LG PF1500W Projector Review



Audioholic Ninja
It was time to replace my trust BenQ W1070 so I began my search not too long ago. I could have gone with a newer equivalent BenQ or one of the newer Epson LCD units, but thought I would give an LED projector a try so decided to try the LG PF1500W. I believe this is the 2nd version of this particular model that LG released.

Nothing special here as it was packed as a typical projector would be.

First Impressions
The first thing I noticed was how much smaller this unit was compared to the usual projector; it’s like a rectangle white brick. It has some heft and generally feels like a well-made unit.

The LG comes with an entire suite for video calibration and it does take some tweaking to get the picture where you’d want it, but thankfully you only have to do this once. The PF1500W also comes with an OTA tuner which was nice as I find those channels look far better than anything you get with cable and satellite so just hook up an antenna and away you go. The menu system is modern although a bit cartoonish but does the job and I didn’t find anything I needed missing.

The remote on this unit is a bit weird and takes getting used to as it moves as you move your hand. I use Simple Control for my theater control and thankfully the IP codes for LG WebOS devices works with this projector so I could choose to use regular arrows to navigate the menus. The other odd thing is the PF1500W does have an IR sensor, but it’s on the back of the unit.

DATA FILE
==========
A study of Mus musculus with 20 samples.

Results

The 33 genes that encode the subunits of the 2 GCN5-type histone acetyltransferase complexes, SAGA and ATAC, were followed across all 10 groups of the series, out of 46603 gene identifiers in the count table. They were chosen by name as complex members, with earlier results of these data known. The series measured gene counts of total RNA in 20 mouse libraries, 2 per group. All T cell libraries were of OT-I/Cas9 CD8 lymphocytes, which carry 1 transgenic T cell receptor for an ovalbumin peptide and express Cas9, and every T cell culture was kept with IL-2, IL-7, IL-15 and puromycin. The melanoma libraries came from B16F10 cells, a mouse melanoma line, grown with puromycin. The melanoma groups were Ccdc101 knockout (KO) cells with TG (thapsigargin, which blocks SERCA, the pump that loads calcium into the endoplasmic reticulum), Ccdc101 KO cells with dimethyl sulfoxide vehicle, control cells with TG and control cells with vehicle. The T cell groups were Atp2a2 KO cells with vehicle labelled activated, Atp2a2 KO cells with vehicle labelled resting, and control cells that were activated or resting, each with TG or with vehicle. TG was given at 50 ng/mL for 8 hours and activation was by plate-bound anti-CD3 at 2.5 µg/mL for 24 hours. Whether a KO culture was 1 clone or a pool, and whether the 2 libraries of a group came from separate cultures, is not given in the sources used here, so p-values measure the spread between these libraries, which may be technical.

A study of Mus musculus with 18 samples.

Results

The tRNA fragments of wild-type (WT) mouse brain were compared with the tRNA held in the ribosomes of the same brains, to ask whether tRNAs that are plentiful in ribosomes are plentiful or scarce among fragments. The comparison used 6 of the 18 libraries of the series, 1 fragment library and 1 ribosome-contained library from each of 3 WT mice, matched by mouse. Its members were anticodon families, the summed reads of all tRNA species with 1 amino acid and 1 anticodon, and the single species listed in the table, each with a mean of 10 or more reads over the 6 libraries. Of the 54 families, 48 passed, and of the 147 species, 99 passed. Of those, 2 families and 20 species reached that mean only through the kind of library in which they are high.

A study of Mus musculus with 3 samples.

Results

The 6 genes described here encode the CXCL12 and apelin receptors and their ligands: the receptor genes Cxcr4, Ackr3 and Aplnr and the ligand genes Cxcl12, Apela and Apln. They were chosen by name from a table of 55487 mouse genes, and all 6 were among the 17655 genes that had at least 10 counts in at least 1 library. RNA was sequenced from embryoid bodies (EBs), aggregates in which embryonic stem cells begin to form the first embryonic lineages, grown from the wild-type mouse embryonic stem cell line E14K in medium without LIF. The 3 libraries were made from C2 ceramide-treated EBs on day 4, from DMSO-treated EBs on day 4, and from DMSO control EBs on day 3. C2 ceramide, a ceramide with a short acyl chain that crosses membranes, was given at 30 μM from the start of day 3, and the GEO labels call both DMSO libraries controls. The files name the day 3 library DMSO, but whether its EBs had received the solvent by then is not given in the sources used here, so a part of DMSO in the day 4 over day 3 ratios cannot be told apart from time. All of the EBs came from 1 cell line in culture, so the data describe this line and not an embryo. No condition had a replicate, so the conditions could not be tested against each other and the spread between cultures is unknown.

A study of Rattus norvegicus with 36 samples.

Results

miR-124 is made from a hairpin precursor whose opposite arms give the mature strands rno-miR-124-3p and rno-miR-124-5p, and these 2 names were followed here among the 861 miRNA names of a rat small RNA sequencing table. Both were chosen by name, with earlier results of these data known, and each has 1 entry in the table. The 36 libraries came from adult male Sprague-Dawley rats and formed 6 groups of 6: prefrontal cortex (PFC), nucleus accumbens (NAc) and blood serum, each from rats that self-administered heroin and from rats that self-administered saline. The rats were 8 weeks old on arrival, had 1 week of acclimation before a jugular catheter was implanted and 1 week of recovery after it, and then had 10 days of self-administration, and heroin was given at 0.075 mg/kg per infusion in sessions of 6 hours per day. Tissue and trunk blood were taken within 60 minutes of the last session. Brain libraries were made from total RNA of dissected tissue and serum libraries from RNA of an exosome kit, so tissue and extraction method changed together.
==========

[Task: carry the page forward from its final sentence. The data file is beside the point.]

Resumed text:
Ok, so how does it look? I really like the image this projector throws. Given its lower lumen rating, I thought I would notice a significant drop in brightness. This did not happen, and I run the unit at the medium brightness setting. From what I understand, the LEDs do not lose brightness like a regular projector lamp does in the first few hundred hours of its use. The next major thing I noticed was it seemed a little sharper than my BenQ W1070; this could relate to settings, but I calibrated both projectors using the usual methods. And finally, the rainbow effect; this was about the same as the W1070 so similar to a 6x RGBRGB wheel except this projector does not have a spinning wheel and has LEDs for red, green, and blue that flash on and off quickly.

Lamp Life
This is the biggest advantage as the LEDs are spec’d for 30,000 hours; more than enough for probably a decade or more of my typical viewing if the unit were to last that long. The downside with this is that if the engine fails, the whole unit is worthless, although that could happen with any piece of electronics.

Not a bad little projector for the price and definitely a keeper for me.